Cicely Madden, Alison Rusher, Meghan O'Leary and Ellen Tomek compete during the Women's Quadruple Sculls at the Olympic Games Tokyo 2020 Olympic Games on July 23, 2021 in Tokyo.
TOKYO — During the Olympic Games, headlines are teemed with feats of medal-winning glory.
What we hear less about is those who fall short.
With 11,090 athletes competing in 339 medal events here at the Olympic Games Tokyo 2020, the only hardware most athletes will take home are the pins they exchange with athletes from other countries. And some athletes will be lucky enough to try again in four years — or three more years until Paris 2024.
Meghan O’Leary and Ellen Tomek are two rowers who came close to winning Olympic medals in previous Games, then fell short again in their final trip to the Games.
At the Olympic Games Beijing 2008, Tomek finished fifth in the double sculls with Megan Kalmoe, then sixth in the same event in Rio in 2016, this time with O’Leary. Tomek missed the London Games with a rib injury.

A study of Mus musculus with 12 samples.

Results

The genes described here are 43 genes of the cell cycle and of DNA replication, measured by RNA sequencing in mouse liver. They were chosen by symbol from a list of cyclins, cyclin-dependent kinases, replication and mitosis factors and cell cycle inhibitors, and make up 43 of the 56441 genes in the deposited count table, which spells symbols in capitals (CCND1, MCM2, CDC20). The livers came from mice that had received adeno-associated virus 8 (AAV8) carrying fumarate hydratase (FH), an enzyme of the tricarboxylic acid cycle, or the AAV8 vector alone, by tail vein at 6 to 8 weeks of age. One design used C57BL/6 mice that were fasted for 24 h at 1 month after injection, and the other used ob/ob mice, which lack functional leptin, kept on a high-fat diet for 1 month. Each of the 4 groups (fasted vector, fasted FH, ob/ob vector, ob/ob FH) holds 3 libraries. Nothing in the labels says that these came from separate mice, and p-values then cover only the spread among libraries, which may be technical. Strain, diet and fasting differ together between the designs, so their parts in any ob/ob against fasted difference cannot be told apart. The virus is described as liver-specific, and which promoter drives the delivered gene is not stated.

Tomek and O’Leary, now in their mid-30s, competed in the quadruple sculls in Tokyo, with Tomek as stroke, O’Leary behind her, and Olympic rookies Alie Rusher and Cicely Madden in the bow. In a sport and discipline that requires exquisite timing for a boat to be fast — with each sculler pulling on two oars each — these women had only rowed together for six weeks leading up to the Tokyo Games.
The boat had power, they said — and so much potential.
“This boat is super talented,” said Tomek after they finished last in the consolation final. “That's why it's so disappointing because we've seen some crazy speed, probably the fastest speed I've ever been in a boat, like close to a world record pace. That's why it hurts so much.”
They were excited about the potential of what they could achieve in the Tokyo. The U.S. women’s quad had won an Olympic bronze medal in London (with Tomek’s former teammate Kalmoe rowing in that quad).
But once in Tokyo, Tomek, O’Leary, Rusher, and Madden had tough race after tough race, finishing last in their heat, last in their repechage (consolation heat), then last in the B Final — for tenth overall.
“Unfortunately for me, there's a little bit of unfinished business,” said Tomek. “That's just something that I'm going to have to move past and work through away from rowing instead of trying to accomplish within rowing. I don't know if I like have the words for it right now.”
Want to follow Team USA athletes during the Olympic Games Tokyo 2020? Visit TeamUSA.org/Tokyo2020 to view the medal table, results and competition schedule.